Tex. Arsonists Arrested, Crystal Cathedral Downsizes, and Other News
Texas church arsonists arrested
A taskforce of hundreds of authorities investigating a rash of church fires in East Texas finally arrested two men February 21 on suspicion of arson. Childhood friends and former Southern Baptist youth group members Jason Bourque, 19, and Daniel McAllister, 21, face charges linked to ten suspicious church fires since January 1; five churches were destroyed in the six-week spree.
Church weighs in on homosexuality outcry
Uganda The Anglican Church of Uganda responded in February to a proposed bill that provoked an international outcry over its sentences of life in prison and the death penalty for some forms of homosexual behavior. The church supports the bill's efforts to define marriage as between one man and one woman and to penalize homosexual behavior. But it recommends amending an existing bill instead of creating a new one, and wants to protect confidentiality in medical, pastoral, and counseling relationships.
Crystal Cathedral downsizes ministry
Facing an $8 million deficit from 2009, the Crystal Cathedral is scaling back operations for 2010. In an attempt to cut $4.9 million from its $20 million annual operating budget, the California megachurch will sell Rancho Capistrano, a 170-acre retreat and wedding center, and lay off 50 employees. It will also cancel this year's "Glory of Easter" Passion play, and drop The Hour of Power radio broadcast from 7 of the 45 networks currently carrying the program.
Oversight may close Christian schools
Hong Kong A February appeals court upheld government oversight of publicly funded schools, and may lead to many of Hong Kong's Christian schools shutting down. Under the 2004 plan, publicly funded schools must have a management board comprising parents, teachers, alumni, and independent managers. The religious groups running the schools would name 60 percent of the board. Catholic, Anglican, and Methodist school officials in the country have said they would rather close schools than create the committees, which will give them less control over course content. Only half of the country's 850 publicly funded schools have agreed to the legislation.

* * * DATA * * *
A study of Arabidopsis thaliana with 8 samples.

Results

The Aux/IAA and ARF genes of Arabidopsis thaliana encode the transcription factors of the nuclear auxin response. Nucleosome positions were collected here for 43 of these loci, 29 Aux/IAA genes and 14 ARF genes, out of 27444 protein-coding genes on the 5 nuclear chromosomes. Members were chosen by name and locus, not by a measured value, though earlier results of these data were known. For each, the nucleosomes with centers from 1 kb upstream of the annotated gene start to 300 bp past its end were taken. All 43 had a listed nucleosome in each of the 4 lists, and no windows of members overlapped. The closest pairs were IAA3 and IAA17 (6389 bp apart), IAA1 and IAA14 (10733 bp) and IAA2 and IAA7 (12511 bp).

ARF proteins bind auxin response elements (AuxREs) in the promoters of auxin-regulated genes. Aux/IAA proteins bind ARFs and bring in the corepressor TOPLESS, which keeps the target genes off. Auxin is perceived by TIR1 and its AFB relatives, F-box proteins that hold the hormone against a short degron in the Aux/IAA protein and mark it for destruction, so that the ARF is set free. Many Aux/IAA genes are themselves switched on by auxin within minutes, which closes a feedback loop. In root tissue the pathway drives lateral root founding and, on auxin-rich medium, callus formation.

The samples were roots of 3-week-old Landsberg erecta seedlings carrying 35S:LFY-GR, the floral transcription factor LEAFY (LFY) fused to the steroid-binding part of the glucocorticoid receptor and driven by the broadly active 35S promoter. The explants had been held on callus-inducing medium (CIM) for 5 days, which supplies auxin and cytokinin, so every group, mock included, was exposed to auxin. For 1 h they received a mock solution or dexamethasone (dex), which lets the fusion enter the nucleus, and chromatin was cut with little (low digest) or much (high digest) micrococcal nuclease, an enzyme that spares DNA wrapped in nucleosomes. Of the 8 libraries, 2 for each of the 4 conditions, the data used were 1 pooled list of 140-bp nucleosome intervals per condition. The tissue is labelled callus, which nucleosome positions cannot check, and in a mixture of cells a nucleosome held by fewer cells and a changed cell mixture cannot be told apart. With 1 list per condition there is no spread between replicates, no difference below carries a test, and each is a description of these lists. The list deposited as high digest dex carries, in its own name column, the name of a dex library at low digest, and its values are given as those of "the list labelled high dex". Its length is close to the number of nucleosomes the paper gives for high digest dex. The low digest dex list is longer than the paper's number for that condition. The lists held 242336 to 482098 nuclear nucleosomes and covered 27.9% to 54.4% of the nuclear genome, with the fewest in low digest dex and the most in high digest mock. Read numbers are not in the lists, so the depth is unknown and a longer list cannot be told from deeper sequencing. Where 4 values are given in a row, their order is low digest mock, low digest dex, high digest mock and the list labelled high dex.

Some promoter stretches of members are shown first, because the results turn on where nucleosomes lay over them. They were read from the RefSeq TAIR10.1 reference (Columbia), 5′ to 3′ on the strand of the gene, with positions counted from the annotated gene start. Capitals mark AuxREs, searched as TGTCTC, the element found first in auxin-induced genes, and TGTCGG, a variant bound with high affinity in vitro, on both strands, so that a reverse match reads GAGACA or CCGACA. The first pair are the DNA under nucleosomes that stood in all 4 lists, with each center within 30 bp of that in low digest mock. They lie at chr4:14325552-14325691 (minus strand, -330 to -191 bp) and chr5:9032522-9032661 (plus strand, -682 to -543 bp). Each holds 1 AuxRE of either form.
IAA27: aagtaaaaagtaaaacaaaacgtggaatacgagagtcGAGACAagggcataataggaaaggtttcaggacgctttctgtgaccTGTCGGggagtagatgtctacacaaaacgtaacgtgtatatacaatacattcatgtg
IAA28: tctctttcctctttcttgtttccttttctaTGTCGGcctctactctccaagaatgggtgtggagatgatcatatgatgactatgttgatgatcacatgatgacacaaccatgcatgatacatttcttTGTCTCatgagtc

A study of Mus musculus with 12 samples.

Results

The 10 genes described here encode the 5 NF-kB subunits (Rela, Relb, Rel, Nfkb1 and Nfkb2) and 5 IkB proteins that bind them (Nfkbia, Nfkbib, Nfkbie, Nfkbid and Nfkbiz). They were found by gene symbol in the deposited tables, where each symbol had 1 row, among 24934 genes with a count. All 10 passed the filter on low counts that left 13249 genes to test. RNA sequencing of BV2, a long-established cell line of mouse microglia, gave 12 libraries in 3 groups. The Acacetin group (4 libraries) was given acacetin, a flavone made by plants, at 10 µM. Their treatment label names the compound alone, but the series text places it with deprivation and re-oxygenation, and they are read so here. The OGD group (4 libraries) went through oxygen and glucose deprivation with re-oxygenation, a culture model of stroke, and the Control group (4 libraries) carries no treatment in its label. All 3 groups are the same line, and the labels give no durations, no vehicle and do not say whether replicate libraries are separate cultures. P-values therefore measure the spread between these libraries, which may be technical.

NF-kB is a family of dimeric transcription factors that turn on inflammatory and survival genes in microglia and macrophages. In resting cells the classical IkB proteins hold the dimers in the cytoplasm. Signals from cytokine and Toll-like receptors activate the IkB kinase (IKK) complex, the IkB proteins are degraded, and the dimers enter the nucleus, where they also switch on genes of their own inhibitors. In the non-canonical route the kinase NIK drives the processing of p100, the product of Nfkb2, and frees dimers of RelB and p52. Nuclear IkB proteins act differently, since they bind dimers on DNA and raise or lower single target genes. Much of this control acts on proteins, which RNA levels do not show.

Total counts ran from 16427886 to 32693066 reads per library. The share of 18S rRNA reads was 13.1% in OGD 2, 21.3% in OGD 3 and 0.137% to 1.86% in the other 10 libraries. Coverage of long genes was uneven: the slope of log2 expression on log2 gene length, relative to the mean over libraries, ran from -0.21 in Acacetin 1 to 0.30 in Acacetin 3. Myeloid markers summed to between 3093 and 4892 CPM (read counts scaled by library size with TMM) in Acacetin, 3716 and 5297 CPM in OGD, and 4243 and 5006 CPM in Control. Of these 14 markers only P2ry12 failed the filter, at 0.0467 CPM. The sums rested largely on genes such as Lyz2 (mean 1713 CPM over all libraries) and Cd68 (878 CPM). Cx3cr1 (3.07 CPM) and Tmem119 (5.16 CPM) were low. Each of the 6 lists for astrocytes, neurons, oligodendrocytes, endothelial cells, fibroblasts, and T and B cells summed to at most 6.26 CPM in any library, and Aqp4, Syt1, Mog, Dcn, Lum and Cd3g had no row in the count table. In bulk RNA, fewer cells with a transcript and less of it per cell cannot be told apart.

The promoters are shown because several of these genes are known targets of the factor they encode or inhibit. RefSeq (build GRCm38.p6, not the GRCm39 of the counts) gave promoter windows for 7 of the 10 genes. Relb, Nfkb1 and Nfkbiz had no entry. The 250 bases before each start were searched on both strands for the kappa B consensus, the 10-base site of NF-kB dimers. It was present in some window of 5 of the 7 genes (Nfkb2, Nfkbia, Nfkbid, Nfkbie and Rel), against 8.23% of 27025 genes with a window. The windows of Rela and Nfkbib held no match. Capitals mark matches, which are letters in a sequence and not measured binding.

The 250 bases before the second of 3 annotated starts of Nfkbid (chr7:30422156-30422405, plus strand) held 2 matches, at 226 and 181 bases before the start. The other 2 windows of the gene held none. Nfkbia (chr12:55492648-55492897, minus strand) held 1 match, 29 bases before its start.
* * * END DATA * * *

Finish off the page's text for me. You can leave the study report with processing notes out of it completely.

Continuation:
Court: College can reject religious courses
The University of California can deny course credit in applications from students at Christian high schools, according to a January decision by the Ninth Circuit Court of Appeals, which upheld an August 2008 ruling by the Ninth Circuit Court of Appeals, which upheld an August 2008 ruling. The university had rejected credits for biology, history, and government courses at Calvary Chapel Christian School in Murrieta, saying that they did not teach critical thinking and that the textbooks (published by Bob Jones University and A Beka Books) left out important historical and scientific topics. Students must meet a credit requirement to be admitted to the university, but can also use SAT Subject Test scores.
Moody and Michigan seminaries unite
Moody Bible Institute and Michigan Theological Seminary (MTS) combined forces in January when MTS became an extension of Moody's seminary. At 600 students, the newly combined school is among the largest 15 percent of seminaries in the U.S. The merger, initiated by MTS in 2008, is expected to save both schools money as they share technology and some operations costs.
Court: Remove religion from identity cards
Turkey The religious affiliation section on Turkey's identity cards is a violation of human rights, a European court ruled in February. Since 2006, Turkish citizens have had the option of leaving the section blank, but the European Court of Human Rights said the section violates the government's neutrality on religion and should thus be removed entirely. The ruling, prompted by a complaint from a Muslim man, may benefit Turkish Christians who have been denied jobs or services because of their religious identity.